Dr. Romance writes about how to be an effective worrier.
This exercise is especially effective when you can’t sleep or when you experience anxiety attacks. If you worry a lot, or obsessively think about future events and problems when you should be concentrating on other things, follow these simple steps:
1. Write it down. If you’re feeling anxious or worried, or you can’t stop thinking about some event that hasn’t happened yet, take a few moments to write down whatever is worrying you. If you can’t write it down, think it through carefully until you can clearly say what you’re worrying about. Clarifying your worries will stop the free-floating sensation of anxiety with no basis.
2. Evaluate. Think about the first item on your list. Ask yourself “Is there anything I can do about it now?” If you’re at home and worrying about the office, or if the problem won’t occur until next week or next year, you may not be able to do anything about it right now. Or, you may be worrying about a problem you can do something about, such as calling someone, or getting an estimate of costs, or making a doctor’s appointment to check out a worrisome symptom.
3. Do Something. If there is something you can do, do it. Sometimes, worry is a way to procrastinate. Often, worry is a way to keep a mental list going, as in “I’m worried that I’ll forget to bring the slides for the presentation tomorrow.”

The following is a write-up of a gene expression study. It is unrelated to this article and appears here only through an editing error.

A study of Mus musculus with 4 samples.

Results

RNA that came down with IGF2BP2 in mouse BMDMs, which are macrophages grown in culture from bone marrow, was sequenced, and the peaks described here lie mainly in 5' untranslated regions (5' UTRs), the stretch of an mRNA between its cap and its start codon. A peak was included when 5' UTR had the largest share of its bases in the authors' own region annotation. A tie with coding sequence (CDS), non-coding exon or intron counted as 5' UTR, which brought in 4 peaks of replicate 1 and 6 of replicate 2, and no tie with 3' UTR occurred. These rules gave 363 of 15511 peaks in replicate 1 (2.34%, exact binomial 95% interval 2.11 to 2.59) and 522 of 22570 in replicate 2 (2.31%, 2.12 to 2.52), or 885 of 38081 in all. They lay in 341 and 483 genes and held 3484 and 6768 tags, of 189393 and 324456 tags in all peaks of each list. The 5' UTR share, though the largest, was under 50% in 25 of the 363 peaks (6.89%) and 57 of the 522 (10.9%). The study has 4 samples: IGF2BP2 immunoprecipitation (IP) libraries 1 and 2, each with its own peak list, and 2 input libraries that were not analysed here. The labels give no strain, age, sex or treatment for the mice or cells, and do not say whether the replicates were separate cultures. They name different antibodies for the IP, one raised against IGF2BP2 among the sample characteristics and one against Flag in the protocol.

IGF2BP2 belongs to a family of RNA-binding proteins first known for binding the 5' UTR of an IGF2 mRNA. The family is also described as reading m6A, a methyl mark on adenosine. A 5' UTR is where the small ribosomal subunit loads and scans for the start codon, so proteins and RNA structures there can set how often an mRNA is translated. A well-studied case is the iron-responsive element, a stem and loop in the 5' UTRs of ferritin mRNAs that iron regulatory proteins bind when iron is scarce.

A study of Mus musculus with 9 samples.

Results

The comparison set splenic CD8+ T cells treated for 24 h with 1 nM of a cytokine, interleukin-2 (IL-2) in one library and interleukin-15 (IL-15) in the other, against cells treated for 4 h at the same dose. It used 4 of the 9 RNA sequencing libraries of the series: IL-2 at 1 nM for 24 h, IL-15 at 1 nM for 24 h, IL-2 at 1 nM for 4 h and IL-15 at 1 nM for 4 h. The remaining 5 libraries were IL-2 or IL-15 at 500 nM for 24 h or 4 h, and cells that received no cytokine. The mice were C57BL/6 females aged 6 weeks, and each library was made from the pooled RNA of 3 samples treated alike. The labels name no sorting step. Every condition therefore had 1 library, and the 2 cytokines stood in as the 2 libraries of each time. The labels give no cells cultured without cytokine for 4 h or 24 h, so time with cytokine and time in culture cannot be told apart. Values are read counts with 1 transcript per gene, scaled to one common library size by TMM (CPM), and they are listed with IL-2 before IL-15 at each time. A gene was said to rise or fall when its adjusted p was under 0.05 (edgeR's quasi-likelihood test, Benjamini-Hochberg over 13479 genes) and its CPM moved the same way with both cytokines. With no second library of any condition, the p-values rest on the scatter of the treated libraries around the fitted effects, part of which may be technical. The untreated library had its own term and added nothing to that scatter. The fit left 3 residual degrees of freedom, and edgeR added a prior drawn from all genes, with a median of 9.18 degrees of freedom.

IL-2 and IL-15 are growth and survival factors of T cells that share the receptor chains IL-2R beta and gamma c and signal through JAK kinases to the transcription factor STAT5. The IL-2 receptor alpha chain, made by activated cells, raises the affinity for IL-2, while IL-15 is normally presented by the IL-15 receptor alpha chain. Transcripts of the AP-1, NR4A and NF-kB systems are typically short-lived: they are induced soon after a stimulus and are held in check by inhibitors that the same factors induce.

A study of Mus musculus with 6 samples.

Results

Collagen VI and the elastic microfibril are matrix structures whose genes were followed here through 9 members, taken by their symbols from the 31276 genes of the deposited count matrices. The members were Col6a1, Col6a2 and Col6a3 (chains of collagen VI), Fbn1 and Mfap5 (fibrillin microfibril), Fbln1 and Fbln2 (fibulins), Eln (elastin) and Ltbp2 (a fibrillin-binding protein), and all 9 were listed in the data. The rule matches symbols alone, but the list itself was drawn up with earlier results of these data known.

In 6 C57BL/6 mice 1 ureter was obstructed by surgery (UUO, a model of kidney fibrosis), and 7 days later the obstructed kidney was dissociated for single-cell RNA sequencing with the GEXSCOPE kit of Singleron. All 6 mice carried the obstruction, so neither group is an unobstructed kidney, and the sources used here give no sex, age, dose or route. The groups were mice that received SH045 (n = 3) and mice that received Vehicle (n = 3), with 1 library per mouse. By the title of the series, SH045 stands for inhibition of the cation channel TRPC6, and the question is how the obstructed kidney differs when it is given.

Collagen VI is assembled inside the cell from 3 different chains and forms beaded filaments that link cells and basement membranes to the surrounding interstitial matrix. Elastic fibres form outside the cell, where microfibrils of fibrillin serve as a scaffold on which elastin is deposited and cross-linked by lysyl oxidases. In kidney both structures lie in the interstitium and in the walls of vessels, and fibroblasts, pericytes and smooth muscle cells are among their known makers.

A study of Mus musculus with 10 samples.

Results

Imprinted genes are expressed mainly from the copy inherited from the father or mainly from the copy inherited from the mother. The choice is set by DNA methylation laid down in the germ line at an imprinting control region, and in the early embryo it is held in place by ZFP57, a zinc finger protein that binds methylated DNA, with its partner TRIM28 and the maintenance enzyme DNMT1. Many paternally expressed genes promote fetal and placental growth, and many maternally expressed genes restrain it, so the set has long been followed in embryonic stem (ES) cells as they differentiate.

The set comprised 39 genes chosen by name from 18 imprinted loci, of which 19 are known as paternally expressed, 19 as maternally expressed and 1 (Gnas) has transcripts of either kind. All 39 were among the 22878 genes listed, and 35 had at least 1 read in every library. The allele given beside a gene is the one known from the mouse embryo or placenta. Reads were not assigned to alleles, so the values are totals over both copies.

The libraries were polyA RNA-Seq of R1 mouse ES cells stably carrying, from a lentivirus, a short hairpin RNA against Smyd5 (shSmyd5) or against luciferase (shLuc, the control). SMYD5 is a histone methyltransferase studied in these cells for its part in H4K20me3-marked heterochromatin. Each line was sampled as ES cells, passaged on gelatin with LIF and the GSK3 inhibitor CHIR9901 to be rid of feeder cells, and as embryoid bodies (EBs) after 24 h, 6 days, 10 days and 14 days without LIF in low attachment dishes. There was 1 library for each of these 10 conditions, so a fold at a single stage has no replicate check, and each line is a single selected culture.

—If you’re worrying about how your presentation will go at work tomorrow, go over your notes and lay out your clothes for the morning.
—If you’re worried about a health problem, look up the illness or injury on the Internet, or call your doctor and ask some questions.
—If you’re at work worrying and about cooking dinner when you get home, write down a menu or a list of ingredients.
—If you’re worried that you may be fired, update your resume and call some agencies. You don’t have to take another job, but if there’s a real problem you’ll be prepared.
Here’s an example: If you’re worried that the roof may leak the next time it rains, start making a list about what you can do about it. Your inner dialog may sound like this:
“The news said it was going to rain next week. I’m worried that the roof might leak.”:
“Call a roofing company and have them look at it.”
“I’m worried that a roofing company will charge me more than they should because I don’t know how much it should cost.”
“Call my brother, (or my neighbor, or my friend) who had his roof done, and ask him what it costs, and also if he liked the contractor he used.”
When you reach this “okay”, it’s time to make the call, or, if it’s too late at night, make a note to call the next day.
4. Distract Yourself. When you’ve done what you can, or made your lists or notes, then distract yourself: Get busy doing something else, or read, or take a walk or a bath.
Repeat the above steps every time you catch yourself worrying.
This article was originally published at Tina B. Tessina. Reprinted with permission from the author.